AREDay Summit begins today in Snowmass |

AREDay Summit begins today in Snowmass

Jill Beathard
The Aspen Times
Bluesman Taj Mahal performs at a free ARE Day concert in Aspen's Wagner Park in 2012.
The Aspen Times File |

An annual conference on climate-change action has a greater sense of urgency this year as international policy discussions taking place in December near.

The American Renewable Energy Day Summit returns this year with the theme of “Racing Climate Change: Green Bridge With China, the Road to Paris,” putting an emphasis on the international relationships that will shape policy on climate change in the years to come.

The summit, an annual Aspen event that is taking place in Snowmass Village this year for the first time, has a history of bringing together leaders from all over the world, such as former President Jimmy Carter, CNN founder Ted Turner and this year Huang Ming, the creator of China’s “Solar Valley.”

Discussions among leaders and influential thinkers are particularly important this year, as leaders of the world prepare for the U.N. Climate Change Conference in Paris, said Chip Comins, AREDay founder. AREDay is one of many forums for those discussions leading up to the conference in December, he said.

“It’s very important that the vehicle of the U.N., engaging 193 countries throughout the world, is activated on this issue of climate, and we are very, very concerned that unless we have the world come together on this issue, we’re not going to be able to solve the problem,” Comins said.

Former Sen. Tim Wirth, now vice president of the U.N. Foundation, will make remarks Monday about the conference and participate in a conversation about the politics of climate change.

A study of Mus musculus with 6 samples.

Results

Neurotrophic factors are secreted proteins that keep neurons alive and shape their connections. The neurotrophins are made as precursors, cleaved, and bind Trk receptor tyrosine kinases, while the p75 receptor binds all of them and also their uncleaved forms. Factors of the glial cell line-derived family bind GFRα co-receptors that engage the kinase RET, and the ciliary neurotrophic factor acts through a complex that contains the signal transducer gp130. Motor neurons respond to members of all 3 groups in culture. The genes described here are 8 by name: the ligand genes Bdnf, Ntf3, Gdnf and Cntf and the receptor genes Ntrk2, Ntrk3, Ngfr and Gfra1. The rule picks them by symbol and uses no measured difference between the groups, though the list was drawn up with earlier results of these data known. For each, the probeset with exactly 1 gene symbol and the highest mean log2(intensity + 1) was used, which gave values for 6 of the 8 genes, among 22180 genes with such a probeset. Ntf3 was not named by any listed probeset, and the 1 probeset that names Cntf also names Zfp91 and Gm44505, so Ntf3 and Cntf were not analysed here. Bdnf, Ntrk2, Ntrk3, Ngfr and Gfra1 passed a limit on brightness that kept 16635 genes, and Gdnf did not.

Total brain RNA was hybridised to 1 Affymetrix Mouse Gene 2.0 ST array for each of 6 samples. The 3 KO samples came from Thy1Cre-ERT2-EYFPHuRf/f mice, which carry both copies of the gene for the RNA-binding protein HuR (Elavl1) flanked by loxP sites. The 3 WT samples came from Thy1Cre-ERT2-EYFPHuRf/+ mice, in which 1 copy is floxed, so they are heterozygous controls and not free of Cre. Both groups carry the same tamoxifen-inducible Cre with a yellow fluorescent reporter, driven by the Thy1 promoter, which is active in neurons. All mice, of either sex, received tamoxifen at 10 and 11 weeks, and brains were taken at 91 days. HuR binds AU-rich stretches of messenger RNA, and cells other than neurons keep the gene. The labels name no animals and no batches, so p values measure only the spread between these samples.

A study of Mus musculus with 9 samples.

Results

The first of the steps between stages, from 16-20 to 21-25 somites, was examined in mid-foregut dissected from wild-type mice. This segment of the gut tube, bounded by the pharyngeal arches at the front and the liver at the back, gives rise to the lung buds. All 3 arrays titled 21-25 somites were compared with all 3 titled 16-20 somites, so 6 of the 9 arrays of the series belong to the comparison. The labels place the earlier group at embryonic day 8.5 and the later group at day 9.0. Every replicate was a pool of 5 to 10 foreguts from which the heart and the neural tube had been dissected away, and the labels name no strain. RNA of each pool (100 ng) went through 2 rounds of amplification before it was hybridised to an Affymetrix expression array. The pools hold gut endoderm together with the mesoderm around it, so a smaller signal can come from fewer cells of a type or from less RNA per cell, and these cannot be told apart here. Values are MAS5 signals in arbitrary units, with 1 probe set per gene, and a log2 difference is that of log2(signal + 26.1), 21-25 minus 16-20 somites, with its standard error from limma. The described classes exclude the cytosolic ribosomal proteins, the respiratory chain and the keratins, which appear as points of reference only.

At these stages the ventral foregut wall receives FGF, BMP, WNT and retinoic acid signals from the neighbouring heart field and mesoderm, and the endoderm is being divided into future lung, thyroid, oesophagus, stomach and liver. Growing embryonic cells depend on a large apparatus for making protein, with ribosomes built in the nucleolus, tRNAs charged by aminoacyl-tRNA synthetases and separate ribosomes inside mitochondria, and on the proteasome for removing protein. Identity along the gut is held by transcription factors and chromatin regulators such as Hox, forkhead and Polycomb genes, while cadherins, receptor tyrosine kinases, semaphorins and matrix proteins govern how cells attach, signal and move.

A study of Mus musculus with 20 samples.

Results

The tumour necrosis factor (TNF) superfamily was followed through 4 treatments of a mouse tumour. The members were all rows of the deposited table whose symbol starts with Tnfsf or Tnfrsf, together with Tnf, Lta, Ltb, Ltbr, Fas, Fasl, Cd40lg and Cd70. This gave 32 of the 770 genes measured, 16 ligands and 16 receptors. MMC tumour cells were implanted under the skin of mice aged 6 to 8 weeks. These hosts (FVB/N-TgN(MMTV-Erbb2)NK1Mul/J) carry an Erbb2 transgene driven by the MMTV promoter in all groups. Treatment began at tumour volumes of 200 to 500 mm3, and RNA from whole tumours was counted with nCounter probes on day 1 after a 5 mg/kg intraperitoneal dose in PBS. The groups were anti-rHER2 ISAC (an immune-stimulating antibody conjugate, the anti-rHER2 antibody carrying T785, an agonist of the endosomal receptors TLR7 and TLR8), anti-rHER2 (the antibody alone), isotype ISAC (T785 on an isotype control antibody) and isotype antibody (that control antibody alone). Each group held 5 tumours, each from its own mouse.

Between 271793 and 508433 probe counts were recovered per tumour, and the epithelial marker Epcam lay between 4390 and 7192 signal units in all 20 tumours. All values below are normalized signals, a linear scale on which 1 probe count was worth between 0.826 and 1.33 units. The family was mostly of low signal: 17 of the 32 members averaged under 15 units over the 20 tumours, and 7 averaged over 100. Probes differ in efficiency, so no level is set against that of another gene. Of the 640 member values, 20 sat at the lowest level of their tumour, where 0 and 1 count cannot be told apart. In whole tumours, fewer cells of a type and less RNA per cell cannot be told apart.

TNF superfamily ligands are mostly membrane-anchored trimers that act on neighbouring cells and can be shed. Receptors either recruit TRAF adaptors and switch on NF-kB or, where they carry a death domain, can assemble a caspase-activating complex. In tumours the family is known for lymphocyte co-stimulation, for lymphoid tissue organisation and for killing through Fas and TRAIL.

Because China and the U.S. account for about half the world’s economy and half the world’s carbon emissions, according to Comins, the leadership of those two countries is key to putting any kind of international policy into action on the issue, he said. Ming not only is a successful businessman in the clean-technology industry but also played a role in the passage of China’s Renewable Energy Act in 2005, so he can play a role in building a bridge with the U.S. over this issue, Comins said.

“We have to create a bridge … of solution in order for the rest of the world to get stimulated and follow along,” Comins said.

AREDay started Saturday with the debut of the Impact Film Festival. The festival will end Tuesday with a talk and showing of “Racing Extinction,” the newest film by director Louie Psihoyos.

Psihoyos recently made headlines with a public-art collaboration projecting images of endangered animals on the Empire State Building. The film showing is open to the public and free to Summit passholders.

The session part of the summit begins today. Speakers today include Kevin Rudd, former prime minister of Australia, who passed a carbon tax while in office that was later repealed, and local activists such as Mona Newton of the Community Office for Resource Efficiency, Colorado Sen. Kerry Donovan, Jerome Osentowski of Colorado Rocky Mountain Permaculture Institute and Brook LeVan of Sustainable Settings.

The event culminates with a free performance by Taj Mahal and the Phantom Blues Band on Thursday.